June 15, 2011 in ideas
I had the honour to be member of the Lighting Design Jury for the Czech Dance Platform 2011. This is an annual dance festival that introduces contemporary choreographies from Czech artists
The lighting design award was proudly given to Pavla Beranova for her interesting work on Sacrebleu.
The overall lighting scene in Czech dance theatre is quite traditional, combining well-tried techniques into new compositions. Luckily, there is a bit of creativity emerging here and there with some experimental moments. It doesn’t help that Czech Dance Platform presents their pieces in two completely uncomparable spaces. The Studio ALT@ is a basically found space with the simplest setup that usually even gets shared between two performances in one night. Divadlo Ponec, on the other hand, provides the companies with a full-scale professional blackbox for exclusive use.
Here are my impressions of the 2011 programme:
Sunyata; Fertile Emptiness is fascinatingly dedicated to playing with light. Light is a material here, a dance partner that the performers interact with. The special effects seem rehearsed and well thought through. The general light, on the other hand, fails to serve its purpose and quite often leaves the wider scenes unlit and scattered.
Grooves is a dance piece performed in lighting, not with lighting. The scenes are quite general and rarely set a mood for the scene. Except for a couple of strong directions and colours, the lighting here does not really take a stand.
Void Amongst Humans starts off with some elaborate lighting patterns and tightly focused beams, but falls into a general lighting after the first minute. It still gathers its credibility during the run with some beautifully simple moments that give different dimensions to the otherwise empty space.
Mah Hunt is a strong marriage between scenography and lighting. The style of the piece extremely visual and is created with skill and care, letting the audience’s eyes feast upon the rich colours and atmospheric patterns that are created on stage by excellent focus and wisely chosen light levels.
Mah Hunt. Foto: Petr Otta http://www.tanecniplatforma.cz
Excursion with Helga‘s lighting is a scramble of functional locations (we need light on this part of the stage) and low-level general effects (let’s make this look artsy). The lighting fixtures occupy the stage as characters, but are never really given the opportunity to input much anything to the action.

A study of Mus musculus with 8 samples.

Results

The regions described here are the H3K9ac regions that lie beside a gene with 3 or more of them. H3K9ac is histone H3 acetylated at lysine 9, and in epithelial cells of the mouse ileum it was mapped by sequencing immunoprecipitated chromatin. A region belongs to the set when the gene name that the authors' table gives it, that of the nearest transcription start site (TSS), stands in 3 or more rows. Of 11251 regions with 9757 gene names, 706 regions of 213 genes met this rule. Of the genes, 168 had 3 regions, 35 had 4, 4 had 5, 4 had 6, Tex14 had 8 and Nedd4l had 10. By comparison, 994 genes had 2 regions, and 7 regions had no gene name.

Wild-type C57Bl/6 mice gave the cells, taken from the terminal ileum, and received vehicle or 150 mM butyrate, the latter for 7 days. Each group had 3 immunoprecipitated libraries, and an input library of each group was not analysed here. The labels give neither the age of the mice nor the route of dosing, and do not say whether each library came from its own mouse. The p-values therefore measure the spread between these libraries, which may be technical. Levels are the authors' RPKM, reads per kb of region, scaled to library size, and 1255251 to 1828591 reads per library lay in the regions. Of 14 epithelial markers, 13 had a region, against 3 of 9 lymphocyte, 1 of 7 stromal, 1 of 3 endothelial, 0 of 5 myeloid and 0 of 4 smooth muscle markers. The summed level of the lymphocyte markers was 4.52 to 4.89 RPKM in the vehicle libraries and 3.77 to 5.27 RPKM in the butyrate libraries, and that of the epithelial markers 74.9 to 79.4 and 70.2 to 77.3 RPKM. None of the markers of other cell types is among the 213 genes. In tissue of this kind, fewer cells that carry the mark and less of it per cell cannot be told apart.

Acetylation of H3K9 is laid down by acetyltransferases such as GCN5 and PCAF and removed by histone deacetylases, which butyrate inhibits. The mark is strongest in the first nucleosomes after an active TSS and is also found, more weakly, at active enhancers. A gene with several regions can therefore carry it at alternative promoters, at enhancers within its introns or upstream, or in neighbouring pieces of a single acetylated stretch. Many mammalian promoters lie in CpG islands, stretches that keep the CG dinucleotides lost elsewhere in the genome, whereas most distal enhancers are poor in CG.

Guess How Many Stars There Are is a graceful classic on stage, starring in its simplicity. Clear lighting directions and excellent focusing create a fairytale world where light ends up exactly and only where it is needed to serve its purpose, perfectly supporting the affectionate choreography.
Persistence of Losers uses light in a fun an clever way. There’s the bit of experimenting and a lot of dangerous, but flawlessly rehearsed focus spots for the moving scenography to end up in. It definitely deserves praise for its excellent timing and cooperation with performers which is not easy with the number of dancers on stage and fast pace of the piece.
Side Effects puts the bets on a single, strong lighting effect that works well with such a short piece. The video part of the performance, on the other hand, excels with some diverse and creative lighting, resulting in an interesting and pleasant atmosphere.
Perfect Day or Mr Gluteus Maximus has excellent scenography for making something interesting happen, nevertheless the lighting in this piece originates from a very practical and neutral standpoint, although still managing to support the narrative in an enjoyable way.
Transforma has a courageous lighting design with a slow pace and a mind of its own. The light is kept quite general with lighting fixtures framing the space, throwing in quite a while of a strobo effect when least expected.
Between a rock and a hard place uses light as a function, not as a design element. The stage locations are defined by lighting and a couple of conceptual effects that make a statement. Funnily, the piece does not leave us craving for a specific design, as the simplicity of low light works well with the choreography.
REEN puts a lot of effort into stage technology, including lights. The piece starts off very promisingly with little spots forming a lighting matrix, but after that, the lighting slowly stops making sense and the diagonal rig of fluorescent battens even disappoints with its short and underused moment on stage.
Sacrebleu creates an interesting and dreamy world with very characteristic on-stage lighting fixtures that follow the performance, throwing light beams in apparently random, but in reality well thought through directions.. The grande rig of side lights misses out on a lot of use and opportunities, but the simplicity of PARs makes the piece very personal and expressive.